Saturday, July 12, 2008

Lessons on the Mountain

Lessons on the Mountain
my musings while climbing Grays and Torreys

1. Look up--a metaphor for life. When hiking, it's ironic that we all stare at our feet when the whole point is to see God's creation. Just like with life, it's safer, and easier, to focus on the circumstances around my feet--the boulders, the cliffs, the snow--instead of looking up to soak in God's majesty. Look up in the face of fear, and enjoy the view!

2. This wife learned a lesson in support. Erik got a pretty bad case of altitude sickness and could barely climb. I stayed with him every step of the way, even though I could have finished much faster. At one point, I could see my mom and friends at the top of the peak, relaxing, chatting, eating.....It's amazing to me that I can be so selfish. I was actually annoyed at Erik for getting sick. But God pointed that out quickly, and I learned a lesson in selflessness.

3. I am a doer; I accomplish stuff. Cleaning? Done. Friendships? Done. Prayer? Done. Grad school? Check it off the list. Done. While hiking, (and being forced to stop and wait for Erik), I learned a lesson in pausing. Pausing to enjoy the beauty, instead of just "doing". It might take longer, it might even require more energy, but pausing to enjoy the view was the smartest thing I did that day on the mountain.

4. Lesson learned: Oxygen is important.

5. Our bodies are amazing. When my lungs are screaming, "Stop!", and my heart is beating faster than it ever has before, all my mind has to do is say, "Ignore the pain; you can do it", and I keep on going. God has given me an amazing machine to use, and it's so wonderful when I remember all that I am capable of--mentally and physically.

6. Mountains, whether real or metaphoric, are tough to climb. Without my mom, cheering me on, and commiserating with me, I never would have made it. And on the flip side, without Erik needing me, I might not have done as well. Life without friends--mountain climbing without support--I'm not sure how it's done. I guess it all comes back to this: It's all about community.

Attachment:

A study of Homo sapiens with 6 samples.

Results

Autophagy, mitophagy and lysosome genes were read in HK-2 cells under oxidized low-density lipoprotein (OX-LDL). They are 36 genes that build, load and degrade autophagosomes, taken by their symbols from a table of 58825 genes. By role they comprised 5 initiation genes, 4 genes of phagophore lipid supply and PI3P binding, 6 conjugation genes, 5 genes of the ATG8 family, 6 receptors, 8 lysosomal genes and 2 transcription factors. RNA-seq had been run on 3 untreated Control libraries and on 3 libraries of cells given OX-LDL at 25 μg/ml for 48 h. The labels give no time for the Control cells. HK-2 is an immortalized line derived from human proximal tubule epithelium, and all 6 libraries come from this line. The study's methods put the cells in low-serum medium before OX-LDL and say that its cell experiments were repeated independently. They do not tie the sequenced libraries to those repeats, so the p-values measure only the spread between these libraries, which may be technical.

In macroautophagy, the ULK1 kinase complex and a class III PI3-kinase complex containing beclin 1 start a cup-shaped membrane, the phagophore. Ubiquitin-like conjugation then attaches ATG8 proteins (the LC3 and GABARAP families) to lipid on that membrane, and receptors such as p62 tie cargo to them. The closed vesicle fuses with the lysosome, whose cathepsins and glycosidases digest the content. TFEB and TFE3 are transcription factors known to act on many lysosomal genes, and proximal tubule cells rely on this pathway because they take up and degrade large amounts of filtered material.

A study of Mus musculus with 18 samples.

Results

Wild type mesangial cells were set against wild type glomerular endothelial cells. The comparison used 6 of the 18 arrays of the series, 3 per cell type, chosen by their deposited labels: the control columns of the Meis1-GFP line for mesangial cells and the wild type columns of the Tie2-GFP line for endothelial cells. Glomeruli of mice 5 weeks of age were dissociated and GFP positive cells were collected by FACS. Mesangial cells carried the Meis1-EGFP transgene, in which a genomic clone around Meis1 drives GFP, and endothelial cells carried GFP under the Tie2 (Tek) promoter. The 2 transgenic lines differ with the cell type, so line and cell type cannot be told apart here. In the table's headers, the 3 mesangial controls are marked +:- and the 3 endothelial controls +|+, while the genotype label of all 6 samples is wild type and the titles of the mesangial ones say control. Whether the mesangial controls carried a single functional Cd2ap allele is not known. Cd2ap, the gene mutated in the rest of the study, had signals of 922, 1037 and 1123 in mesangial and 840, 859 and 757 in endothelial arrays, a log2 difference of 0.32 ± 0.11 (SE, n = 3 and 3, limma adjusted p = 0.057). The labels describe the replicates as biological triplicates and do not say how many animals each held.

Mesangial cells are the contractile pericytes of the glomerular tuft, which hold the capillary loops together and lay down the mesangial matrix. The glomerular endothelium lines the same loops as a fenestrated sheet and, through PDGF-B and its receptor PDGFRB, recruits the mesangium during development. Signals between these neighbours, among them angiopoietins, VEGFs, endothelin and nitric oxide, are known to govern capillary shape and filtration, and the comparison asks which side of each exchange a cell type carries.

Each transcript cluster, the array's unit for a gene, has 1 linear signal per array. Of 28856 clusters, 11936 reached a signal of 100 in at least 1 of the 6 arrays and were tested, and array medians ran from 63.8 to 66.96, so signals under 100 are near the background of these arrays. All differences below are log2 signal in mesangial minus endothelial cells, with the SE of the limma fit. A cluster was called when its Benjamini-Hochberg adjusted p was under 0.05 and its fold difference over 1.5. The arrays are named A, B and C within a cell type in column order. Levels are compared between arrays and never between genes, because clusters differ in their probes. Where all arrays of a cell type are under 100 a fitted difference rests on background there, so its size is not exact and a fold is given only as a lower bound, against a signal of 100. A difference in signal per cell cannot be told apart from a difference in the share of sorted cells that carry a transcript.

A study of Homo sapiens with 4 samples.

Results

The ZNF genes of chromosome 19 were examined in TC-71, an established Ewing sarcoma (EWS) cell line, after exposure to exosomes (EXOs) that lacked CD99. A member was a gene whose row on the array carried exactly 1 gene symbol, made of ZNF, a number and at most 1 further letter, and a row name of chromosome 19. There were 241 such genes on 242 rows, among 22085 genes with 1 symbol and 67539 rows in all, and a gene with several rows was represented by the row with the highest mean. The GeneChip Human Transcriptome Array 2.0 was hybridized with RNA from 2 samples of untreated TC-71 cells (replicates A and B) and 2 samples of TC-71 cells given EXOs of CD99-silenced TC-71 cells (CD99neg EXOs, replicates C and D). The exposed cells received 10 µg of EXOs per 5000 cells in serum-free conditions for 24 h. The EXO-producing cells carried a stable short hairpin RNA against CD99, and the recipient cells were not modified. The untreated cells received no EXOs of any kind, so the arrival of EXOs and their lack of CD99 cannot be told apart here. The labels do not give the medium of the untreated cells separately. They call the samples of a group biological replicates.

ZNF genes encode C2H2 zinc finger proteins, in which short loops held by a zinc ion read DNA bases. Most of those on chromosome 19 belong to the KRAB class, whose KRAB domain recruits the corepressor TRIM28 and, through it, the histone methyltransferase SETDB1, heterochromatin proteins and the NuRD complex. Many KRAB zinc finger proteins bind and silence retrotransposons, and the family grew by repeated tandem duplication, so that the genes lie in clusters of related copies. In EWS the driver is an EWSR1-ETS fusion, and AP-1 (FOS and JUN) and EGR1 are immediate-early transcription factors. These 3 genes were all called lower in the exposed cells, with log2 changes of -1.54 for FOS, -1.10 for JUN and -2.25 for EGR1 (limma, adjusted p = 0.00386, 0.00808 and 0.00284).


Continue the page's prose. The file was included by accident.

Lastly, and I quote my mom, "Climbing a 14er is like childbirth--in the midst of it, you think 'never again!', but a year later, it's easy to forget the pain, and easy to remember the view."

Thanks goodness the pain fades, and all I remember is the amazing feeling of accomplishment, the lessons I learned and, of course, the breathtaking views of God's endless majesty.


  1. I love your mom's quote -- I was actually thinking that as I was reading your blog! I'm about to find out just how amazing my body is -- eek! :)

  2. Karen Miller (Denver, CO) wrote
    at 11:11pm yesterday
    Wow Liz. That was really good. You are and have always been articulate.
    Gee maybe you should write a book, or curriculum, or maybe even speak to groups! love

  3. I laughed when I read your lesson on selfishness because I would've reacted the same way. Whenever anyone ruins my plans or my focus of accomplishment, I too get this overwhelming sense of annoyance. It really is something I need to work on. Gosh, I can be such a rag.

  4. Praying for your sweet and courageous journey as a CO suburban cowgirl, mountain climber, and wife! I chuckled when I read your heart's reflection about the paradoxes of life - stay questioning and growing - your refinement is awesome! You go girl!

  5. One thing I've always admired about you is how you see a lesson to be learned in the midst of any situation... it encourages me to react the same way.